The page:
Steel imports grabbed 27 percent of the market share in 2017

A worker inspects rolls of coiled steel plate into barge, in the city of Smederevo near Belgrade, Serbia. Foreign-made steel grabbed 27 percent of the market share in 2017.

Darko Vojinovic, Associated Press

Foreign steelmakers applied for permits to import 2.4 million tons of steel in December, a 13.6 percent decrease from permit applications in December 2016, according to the American Iron and Steel Institute.

That included permits for 1.8 million tons of finished steel that would require no further processing in the United States, by American workers at local service centers or the steel companies at the Port of Indiana-Burns Harbor. That's down 14.6 percent from November.

Tentatively, steel imports totaled 38.1 million tons in 2017, a 15.5 percent increase, according to the American Iron and Steel Institute. Imports of finished steel rose by an estimated 12.1 percent to 29.5 million tons last year. Those numbers however are tentative estimates based on actual imports to the United States through November and permit applications in December, and likely will be adjusted when the final import numbers for December come through.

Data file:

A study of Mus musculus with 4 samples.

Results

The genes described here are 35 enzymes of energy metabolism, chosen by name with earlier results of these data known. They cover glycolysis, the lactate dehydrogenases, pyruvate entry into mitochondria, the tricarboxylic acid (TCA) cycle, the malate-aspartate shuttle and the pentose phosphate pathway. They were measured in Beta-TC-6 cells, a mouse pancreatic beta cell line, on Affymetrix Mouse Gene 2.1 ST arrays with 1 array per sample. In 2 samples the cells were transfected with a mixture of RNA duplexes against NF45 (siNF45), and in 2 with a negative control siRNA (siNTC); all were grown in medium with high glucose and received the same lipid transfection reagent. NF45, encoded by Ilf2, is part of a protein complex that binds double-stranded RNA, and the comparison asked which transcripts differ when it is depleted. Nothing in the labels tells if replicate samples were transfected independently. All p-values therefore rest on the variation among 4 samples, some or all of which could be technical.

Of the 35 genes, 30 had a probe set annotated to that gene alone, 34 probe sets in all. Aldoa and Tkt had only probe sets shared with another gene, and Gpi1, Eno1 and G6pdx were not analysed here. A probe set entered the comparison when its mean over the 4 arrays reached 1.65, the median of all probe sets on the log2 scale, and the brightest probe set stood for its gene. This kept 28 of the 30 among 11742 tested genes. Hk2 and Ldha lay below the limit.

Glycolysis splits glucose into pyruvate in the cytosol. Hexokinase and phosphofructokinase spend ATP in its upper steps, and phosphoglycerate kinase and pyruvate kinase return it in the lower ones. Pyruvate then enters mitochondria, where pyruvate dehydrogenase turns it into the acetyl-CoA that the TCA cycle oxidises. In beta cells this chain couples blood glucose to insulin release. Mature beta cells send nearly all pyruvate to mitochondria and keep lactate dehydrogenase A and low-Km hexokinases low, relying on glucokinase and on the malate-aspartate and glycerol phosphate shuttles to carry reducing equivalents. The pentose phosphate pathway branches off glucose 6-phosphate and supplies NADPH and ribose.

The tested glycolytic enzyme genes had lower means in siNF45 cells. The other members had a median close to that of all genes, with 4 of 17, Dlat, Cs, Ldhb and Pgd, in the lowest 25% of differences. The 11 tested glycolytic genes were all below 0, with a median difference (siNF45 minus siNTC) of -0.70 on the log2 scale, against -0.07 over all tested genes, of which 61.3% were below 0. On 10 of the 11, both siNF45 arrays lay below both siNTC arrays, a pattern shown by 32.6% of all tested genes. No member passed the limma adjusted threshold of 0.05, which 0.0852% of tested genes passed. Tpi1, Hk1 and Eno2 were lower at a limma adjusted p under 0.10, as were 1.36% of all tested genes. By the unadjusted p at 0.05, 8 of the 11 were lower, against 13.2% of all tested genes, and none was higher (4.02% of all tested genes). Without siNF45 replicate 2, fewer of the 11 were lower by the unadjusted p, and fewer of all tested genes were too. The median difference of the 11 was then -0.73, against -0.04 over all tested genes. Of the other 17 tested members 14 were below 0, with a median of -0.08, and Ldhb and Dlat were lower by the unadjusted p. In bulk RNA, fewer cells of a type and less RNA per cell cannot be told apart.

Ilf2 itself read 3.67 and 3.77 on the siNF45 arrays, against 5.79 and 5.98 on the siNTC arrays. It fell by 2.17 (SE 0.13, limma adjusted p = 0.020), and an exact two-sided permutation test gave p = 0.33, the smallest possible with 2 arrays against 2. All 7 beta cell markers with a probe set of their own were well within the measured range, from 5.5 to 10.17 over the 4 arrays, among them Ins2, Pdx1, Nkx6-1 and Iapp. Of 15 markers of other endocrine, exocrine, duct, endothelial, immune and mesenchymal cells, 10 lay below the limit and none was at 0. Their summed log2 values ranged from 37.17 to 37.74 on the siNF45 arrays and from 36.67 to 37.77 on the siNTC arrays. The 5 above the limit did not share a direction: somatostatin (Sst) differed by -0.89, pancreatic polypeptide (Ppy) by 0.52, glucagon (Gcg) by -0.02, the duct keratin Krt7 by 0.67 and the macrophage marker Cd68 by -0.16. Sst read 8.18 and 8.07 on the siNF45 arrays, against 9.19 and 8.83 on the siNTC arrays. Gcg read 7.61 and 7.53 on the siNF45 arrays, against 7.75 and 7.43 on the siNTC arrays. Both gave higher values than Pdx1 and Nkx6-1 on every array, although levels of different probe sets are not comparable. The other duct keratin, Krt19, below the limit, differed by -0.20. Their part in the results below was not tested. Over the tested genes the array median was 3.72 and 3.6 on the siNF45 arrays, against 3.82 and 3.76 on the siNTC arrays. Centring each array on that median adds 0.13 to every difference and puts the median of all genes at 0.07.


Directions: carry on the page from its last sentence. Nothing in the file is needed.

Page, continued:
The estimated market share for imports was 22 percent in December and 27 percent for the year, close to the all-time high.

The offshore countries that sent the most steel to the United States in 2017, excluding Canada and Mexico, were South Korea, Turkey and Japan, according to AISI. Imports from South Korea, Japan, Germany and The Netherlands all declined in December, falling by as much as 45 percent.

In December, finished steel imports of tool steel rose by 52 percent, heavy structural shapes by 42 percent, tin free steel by 30 percent and mechanical tubing by 11 percent.

In 2017, imports of oil country goods increased by 197 percent, line pipe by 62 percent, standard pipe by 39 percent, mechanical tubing by 30 percent, hot rolled bars by 23 percent, structural pipe and tubing by 19 percent, cold rolled sheets by 15 percent, sheets and strip all other metallic coatings by 13 percent, and sheets and strip hot dipped galvanized by 11 percent.


Joseph S. Pete is a Lisagor Award-winning business reporter who covers steel, industry, unions, the ports, retail, banking and more. The Indiana University grad has been with The Times since 2013 and blogs about craft beer, culture and the military.